Women with a history of abuse by intimate partners have significantly higher health care costs and utilization than women with no history of such abuse, according to a study conducted at Group Health, a Seattle-based health plan.
The higher costs and utilization continued long after the abuse ended, the research team from Group Health, the University of Washington (UW), and the Harborview Injury Prevention and Research Center (HIPRC) found. The findings appear in the February 2007 issue of the American Journal of Preventive Medicine.
Advertisement"These results show the enormous costs of intimate partner violence (IPV) and can justify investing in intervention programs to reduce its health effects and prevent its recurrence, said lead author Frederick P. Rivara, MD, MPH. "It would also justify the costs of long-term programs to prevent this problem from happening in the first place."
Rivara is a researcher with HIPRC and professor of pediatrics at UW, as well as an affiliate investigator at the Group Health Center for Health Studies. The principal investigator for the study is Robert S. Thompson, MD, senior investigator at Group Health Center for Health Studies.
The study was based on telephone surveys, medical records, and utilization data from 3,333 women, aged 18 to 64 years old. Of these, 1,546 women reported having experienced IPV in their lifetime. The study defines IPV as both physical abuse (slapping, hitting, kicking, or forced sex) and nonphysical abuse (threats, chronic disparaging remarks, or controlling behavior).
The study showed:
· Annual total health care costs were 19 percent higher in women with a history of IPV ($439 annually) compared to women without IPV in their backgrounds.
· Health care utilization was higher for all categories of service during and after IPV compared to women who had not been abused. Women reporting IPV had 17 percent more primary care visits; 14 percent more specialists visits; and 27 percent more prescription refills. They were also more likely to use services in the areas of mental health, substance abuse, hospital outpatient care, emergency department care, and acute inpatient care during and after periods of IPV.
· Health care utilization was still 20 percent higher five years after women's abuse ceased compared to women who had never experienced IPV.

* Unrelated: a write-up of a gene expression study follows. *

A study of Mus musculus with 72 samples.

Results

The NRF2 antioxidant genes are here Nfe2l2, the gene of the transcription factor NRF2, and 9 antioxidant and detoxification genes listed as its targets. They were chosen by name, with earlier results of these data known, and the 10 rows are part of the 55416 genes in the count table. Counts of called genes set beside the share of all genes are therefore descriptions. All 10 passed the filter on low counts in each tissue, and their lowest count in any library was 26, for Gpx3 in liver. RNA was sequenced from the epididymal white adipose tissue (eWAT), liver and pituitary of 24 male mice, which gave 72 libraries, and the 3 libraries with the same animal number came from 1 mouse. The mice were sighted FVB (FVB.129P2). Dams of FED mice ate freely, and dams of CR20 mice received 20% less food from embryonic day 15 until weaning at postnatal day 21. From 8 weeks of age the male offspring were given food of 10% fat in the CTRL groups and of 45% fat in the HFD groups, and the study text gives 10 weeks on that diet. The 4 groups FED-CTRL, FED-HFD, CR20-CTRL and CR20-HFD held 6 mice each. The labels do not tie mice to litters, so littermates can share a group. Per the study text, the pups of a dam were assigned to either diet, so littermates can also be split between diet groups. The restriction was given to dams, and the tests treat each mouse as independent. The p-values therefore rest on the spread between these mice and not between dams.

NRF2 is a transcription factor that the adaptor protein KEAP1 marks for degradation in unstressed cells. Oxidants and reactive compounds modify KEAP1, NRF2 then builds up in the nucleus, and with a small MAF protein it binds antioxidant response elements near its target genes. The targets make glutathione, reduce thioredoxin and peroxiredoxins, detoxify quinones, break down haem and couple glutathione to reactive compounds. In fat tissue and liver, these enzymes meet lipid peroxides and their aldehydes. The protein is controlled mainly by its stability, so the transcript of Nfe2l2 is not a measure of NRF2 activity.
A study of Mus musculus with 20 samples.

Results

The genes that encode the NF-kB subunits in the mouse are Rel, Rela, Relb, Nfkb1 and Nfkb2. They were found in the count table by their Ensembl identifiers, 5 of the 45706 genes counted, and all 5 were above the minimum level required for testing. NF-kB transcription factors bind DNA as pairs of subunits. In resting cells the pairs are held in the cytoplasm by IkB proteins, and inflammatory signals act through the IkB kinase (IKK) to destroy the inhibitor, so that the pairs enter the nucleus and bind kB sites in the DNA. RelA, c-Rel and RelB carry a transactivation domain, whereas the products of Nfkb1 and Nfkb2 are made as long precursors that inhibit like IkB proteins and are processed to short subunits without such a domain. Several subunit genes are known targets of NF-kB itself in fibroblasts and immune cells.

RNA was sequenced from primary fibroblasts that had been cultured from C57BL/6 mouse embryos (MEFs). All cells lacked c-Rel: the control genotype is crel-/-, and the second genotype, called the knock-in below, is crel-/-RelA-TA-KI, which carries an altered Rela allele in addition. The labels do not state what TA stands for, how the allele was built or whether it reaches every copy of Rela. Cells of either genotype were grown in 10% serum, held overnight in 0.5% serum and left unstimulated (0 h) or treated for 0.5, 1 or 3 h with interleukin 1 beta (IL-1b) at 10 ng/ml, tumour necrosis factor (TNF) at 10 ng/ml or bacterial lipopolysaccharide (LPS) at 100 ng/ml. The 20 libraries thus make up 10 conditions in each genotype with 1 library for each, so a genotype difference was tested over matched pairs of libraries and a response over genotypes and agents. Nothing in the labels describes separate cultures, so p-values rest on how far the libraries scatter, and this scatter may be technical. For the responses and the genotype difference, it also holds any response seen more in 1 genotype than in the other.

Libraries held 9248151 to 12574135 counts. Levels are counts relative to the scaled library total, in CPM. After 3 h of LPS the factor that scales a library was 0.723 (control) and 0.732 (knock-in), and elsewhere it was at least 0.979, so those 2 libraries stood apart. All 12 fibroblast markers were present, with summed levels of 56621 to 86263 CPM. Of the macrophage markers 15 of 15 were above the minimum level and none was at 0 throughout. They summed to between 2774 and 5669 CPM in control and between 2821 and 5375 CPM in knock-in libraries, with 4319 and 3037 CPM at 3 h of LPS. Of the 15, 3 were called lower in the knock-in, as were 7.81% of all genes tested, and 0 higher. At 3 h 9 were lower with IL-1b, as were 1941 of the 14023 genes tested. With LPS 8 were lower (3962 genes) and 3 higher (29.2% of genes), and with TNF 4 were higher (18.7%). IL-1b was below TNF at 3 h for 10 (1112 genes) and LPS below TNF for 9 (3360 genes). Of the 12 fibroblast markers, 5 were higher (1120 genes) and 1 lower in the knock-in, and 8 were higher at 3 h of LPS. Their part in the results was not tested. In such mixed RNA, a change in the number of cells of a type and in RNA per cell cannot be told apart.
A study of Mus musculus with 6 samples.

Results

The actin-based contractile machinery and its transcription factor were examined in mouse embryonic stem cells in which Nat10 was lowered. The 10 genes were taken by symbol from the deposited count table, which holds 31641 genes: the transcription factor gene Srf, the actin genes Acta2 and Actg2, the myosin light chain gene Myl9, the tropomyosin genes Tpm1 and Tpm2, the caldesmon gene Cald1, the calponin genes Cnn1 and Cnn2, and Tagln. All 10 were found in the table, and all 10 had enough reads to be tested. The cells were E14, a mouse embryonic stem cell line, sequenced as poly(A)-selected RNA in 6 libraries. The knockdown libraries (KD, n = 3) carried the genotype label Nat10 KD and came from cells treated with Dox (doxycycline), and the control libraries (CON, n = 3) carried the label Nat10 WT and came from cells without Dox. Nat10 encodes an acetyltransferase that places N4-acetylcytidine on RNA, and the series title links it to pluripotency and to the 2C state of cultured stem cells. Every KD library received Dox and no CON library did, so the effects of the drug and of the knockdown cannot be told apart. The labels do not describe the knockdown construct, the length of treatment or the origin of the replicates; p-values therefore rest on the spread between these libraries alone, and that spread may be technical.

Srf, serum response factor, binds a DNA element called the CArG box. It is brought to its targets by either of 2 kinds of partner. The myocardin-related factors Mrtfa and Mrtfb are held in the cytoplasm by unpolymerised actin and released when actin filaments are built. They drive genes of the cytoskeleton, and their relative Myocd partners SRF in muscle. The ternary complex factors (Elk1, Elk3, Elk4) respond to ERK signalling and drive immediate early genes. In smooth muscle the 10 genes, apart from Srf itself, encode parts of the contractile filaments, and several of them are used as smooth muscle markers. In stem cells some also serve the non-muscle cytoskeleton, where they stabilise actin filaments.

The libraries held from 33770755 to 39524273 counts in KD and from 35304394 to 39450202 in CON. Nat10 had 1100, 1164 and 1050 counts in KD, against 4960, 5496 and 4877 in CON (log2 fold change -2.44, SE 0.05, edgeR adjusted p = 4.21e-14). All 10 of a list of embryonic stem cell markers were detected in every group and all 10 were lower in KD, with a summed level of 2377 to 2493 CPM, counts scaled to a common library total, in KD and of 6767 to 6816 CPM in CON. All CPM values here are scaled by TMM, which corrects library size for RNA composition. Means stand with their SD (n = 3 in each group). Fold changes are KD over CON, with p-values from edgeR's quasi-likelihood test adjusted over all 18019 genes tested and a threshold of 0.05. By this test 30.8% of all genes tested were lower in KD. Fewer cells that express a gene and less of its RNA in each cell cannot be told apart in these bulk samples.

· The estimated excess costs to the health plan due to IPV are approximately $19.3 million per year for every 100,000 women enrollee aged 18-64. This estimate is based on prevalence for IPV of 44 percent - a figure established in a study the Group Health/UW team published in 2005.
While previous studies have shown increased health care costs and utilization among women abused by their partners, this is the first study to determine how those factors relate to the time of abuse. The study avoided limitations of previous studies by analyzing a random sample from a large health plan that was representative of the community.
In addition, the researchers studied documented medical and cost records rather than relying solely the women's own reports. Also, the study had data on the women's care over an average of seven years.
"When coupled with our previous work, this study helps to complete the picture of IPV as it is encountered in health care delivery," says Thompson, whose research team published papers in 2006 on the prevalence and health effects of IPV. "IPV is common, chronic, and produces negative effects on women's physical and mental health that are as severe as cancer or diabetes, and that add an enormous economic burden to health care systems. Development, implementation and evaluations of systems for the secondary prevention of IPV are not only warranted, they are urgently needed."